What would North Dakota look like without its vivid farms of wheat?
That question might never need to be answered, thanks to the local families that work each year to harvest the state’s most popular and abundant grain.
Their stories were captured on camera and featured in a new documentary, which was screened this week at the Bowman Theatre.
Over the past four years, Conrad Weaver, a documentary filmmaker and video producer, made a journey of more than 100,000 miles to capture the essence of important agriculture producers in his new film, “The Great American Wheat Harvest.”
The film, which the theatre held special screenings of on Tuesday, Wednesday and Thursday, brought Conrad, of Emmitsburg, Md., to southwestern North Dakota.
Several key scenes in the film were shot on the Dilse farm north of Scranton.
It tells the story of five harvesting families and crews who travel from Texas and voyage across the western plains and up to the Canadian border and beyond each year harvesting wheat.
“At first, I thought it would be a film about big farm machinery and beautiful landscapes, and those things are there, but it’s really a story about people,” Weaver said.
“The Great American Wheat Harvest” explains how harvesting and farming families take incredible financial risks most people wouldn’t dream of taking, in order to make a living.
The work they do enables the rest of us to have food on our tables, Weaver said.
During the 2013 harvest season, the farms faced frost, drought, storms and the challenges of living life on the road, all of which is documented on camera.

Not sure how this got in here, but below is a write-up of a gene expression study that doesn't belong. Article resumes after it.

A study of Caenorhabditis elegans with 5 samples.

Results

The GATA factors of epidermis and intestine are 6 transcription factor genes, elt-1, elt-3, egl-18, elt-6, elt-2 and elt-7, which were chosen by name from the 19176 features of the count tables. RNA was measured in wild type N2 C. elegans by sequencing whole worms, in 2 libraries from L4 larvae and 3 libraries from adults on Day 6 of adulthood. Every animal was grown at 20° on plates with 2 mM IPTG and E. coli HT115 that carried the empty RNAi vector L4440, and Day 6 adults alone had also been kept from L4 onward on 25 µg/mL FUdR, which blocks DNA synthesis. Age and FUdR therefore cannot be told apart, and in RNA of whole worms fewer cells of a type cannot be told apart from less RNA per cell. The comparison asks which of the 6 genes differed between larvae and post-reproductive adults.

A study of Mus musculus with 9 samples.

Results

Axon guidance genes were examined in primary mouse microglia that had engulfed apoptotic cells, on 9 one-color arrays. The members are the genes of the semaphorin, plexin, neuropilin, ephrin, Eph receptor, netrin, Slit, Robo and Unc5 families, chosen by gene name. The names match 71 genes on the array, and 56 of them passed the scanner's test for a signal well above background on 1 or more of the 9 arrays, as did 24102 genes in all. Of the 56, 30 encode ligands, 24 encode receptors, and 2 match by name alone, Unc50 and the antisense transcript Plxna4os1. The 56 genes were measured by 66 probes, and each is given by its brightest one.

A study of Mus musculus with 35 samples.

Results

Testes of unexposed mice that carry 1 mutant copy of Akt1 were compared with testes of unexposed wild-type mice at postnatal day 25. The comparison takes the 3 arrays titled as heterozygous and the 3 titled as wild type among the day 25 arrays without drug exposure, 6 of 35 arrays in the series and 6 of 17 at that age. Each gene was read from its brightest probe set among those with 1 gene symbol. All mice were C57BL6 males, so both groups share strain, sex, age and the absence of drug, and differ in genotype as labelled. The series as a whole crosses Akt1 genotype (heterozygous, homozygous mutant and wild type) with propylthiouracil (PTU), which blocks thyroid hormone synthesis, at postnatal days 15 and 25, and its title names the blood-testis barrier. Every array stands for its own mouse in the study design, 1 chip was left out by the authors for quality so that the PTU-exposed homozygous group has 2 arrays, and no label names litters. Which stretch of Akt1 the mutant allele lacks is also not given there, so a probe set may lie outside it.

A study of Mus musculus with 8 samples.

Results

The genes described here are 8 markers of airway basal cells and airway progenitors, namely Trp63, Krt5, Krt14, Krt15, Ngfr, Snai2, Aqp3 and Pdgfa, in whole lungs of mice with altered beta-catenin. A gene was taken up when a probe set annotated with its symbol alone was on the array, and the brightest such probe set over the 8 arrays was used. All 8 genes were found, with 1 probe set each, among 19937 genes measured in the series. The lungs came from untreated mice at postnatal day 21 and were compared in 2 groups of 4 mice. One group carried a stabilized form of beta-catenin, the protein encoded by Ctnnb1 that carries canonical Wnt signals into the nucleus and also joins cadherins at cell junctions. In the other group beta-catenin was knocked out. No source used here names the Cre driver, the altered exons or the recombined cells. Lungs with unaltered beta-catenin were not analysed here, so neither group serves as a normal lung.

The producer of the film contacted Melissa Case, co-owner of the Bowman Theatre, and discussed the film. Katie Dilse of Scranton, whose farm is featured in the movie, also spoke with Case about the film and it was decided they would host its screening.
“It tells a story about the custom combiners and their work … and one of the crews has been coming to the area for nearly 30 years,” Case said.
Prior to the screenings, Case downloaded and screened the first 15 minutes of the film—what she saw were beautiful scenes of the plains in full harvest, leading her to exclaim that the movie was very visually engaging.
The only other movie specially screened at the Bowman Theatre was “Wooly Boys,” a 2001 film starring Kris Kristofferson and Peter Fonda, which was shot throughout the Badlands of North Dakota.
Weaver’s film had its national premiere at the National Museum of the American Indian in Washington, D.C. on National Ag Day in March.
It has since been screened in theaters and special events around the country.
Thousands of people have already viewed the film and the response is overwhelmingly positive, according to Weaver. He added that he hopes people will have a better understanding of where their food comes from and what it takes to get a loaf of bread to the table.
“The Great American Wheat Harvest” will be released on DVD and Blu-ray later this month, which will also contain many extra features not seen in the film.
For more information about the film, view the film’s trailer, or to pre-order a DVD or Blu-ray, visit www.GreatAmericanWheatHarvest.com.